D.C. Examiner: The New Congress and Strange Priorities

From The D.C. Examiner, “Beholden Congress crafts a trial lawyer boondoggle“:

It didn’t take long for the heavily Democratic 111th Congress to begin approving legislative pay-offs to special interests. First in line were class-action trial lawyers who paid for big portions of the majority’s 2008 campaign costs. The House on Friday passed two measures that, unless they are killed or delayed by a filibuster, will hurt seriously businesses, consumers, and workers alike. The bills will also inflict serious damage on an already reeling economy.

The offending measures are the “Lilly Ledbetter Fair Pay Act” and the “Paycheck Fairness Act.” The first would effectively remove almost all statutes of limitations on claims of wage discrimination, meaning that claims could be filed decades after alleged offenses. The second would remove all limits on both compensatory and punitive damage awards under the Equal Pay Act, enabling trial lawyers to shake down businesses for awards many times as expensive as the wages in dispute. Quite simply, House Speaker Nancy Pelosi and her Democratic colleagues are blatantly encouraging their trial lawyer buddies to sue any business any time for any amount.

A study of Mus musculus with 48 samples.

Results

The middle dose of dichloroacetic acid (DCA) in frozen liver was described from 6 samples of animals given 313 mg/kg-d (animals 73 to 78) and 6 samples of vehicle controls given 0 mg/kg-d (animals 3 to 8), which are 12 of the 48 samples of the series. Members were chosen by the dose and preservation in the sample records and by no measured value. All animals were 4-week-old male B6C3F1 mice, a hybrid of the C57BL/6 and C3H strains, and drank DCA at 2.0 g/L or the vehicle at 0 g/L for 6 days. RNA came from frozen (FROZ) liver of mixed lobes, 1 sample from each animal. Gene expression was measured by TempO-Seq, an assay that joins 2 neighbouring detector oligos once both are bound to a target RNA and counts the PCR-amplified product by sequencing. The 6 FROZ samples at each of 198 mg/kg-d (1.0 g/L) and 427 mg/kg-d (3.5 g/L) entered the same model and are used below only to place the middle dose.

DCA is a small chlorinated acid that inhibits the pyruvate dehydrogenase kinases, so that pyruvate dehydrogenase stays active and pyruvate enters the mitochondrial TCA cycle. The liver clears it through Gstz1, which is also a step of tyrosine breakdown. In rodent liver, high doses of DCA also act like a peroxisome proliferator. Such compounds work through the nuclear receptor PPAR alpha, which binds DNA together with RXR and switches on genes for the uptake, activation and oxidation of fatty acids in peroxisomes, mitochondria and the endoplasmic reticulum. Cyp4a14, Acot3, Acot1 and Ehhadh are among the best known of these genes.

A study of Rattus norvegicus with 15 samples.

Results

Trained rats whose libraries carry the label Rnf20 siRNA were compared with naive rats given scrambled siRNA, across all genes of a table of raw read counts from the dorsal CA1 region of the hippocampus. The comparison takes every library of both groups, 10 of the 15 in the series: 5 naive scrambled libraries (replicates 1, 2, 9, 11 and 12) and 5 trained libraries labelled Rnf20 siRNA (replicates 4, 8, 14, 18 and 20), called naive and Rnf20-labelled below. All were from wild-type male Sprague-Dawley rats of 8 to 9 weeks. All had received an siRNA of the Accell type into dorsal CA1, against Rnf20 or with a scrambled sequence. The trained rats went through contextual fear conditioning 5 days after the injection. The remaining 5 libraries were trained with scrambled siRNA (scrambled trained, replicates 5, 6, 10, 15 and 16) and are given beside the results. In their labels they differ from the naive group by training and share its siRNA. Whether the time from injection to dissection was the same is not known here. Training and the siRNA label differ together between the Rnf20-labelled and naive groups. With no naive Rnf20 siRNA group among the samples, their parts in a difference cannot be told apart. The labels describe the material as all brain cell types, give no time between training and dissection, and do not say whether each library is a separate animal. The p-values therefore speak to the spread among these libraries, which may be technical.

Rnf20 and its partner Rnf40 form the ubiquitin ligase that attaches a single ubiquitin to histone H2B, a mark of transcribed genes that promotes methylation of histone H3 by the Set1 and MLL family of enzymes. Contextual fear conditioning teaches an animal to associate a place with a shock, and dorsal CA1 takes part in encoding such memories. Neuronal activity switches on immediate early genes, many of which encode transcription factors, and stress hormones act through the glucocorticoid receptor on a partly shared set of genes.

Both bills would burden employers with greatly increased record-keeping expenses and near-prohibitive insurance costs that eventually would be passed on to consumers. But the trial lawyers would reap a rich new bonanza in legal fees, much of which would return to Pelosi and company as campaign contributions. That’s called “pay to play” in Chicago. No wonder U.S. Rep. Howard McKeon, R-CA, calls this legislative duo a “trial lawyer boondoggle.”

The editorial also cites this excellent analysis by Andrew Grossman of the Heritage Foundation, “The Ledbetter Act: Sacrificing Justice for “Fair” Pay.” The Ledbetter bill represents a fundamental attack on the legal principle of statutes of limitations, Grossman writes, correctly.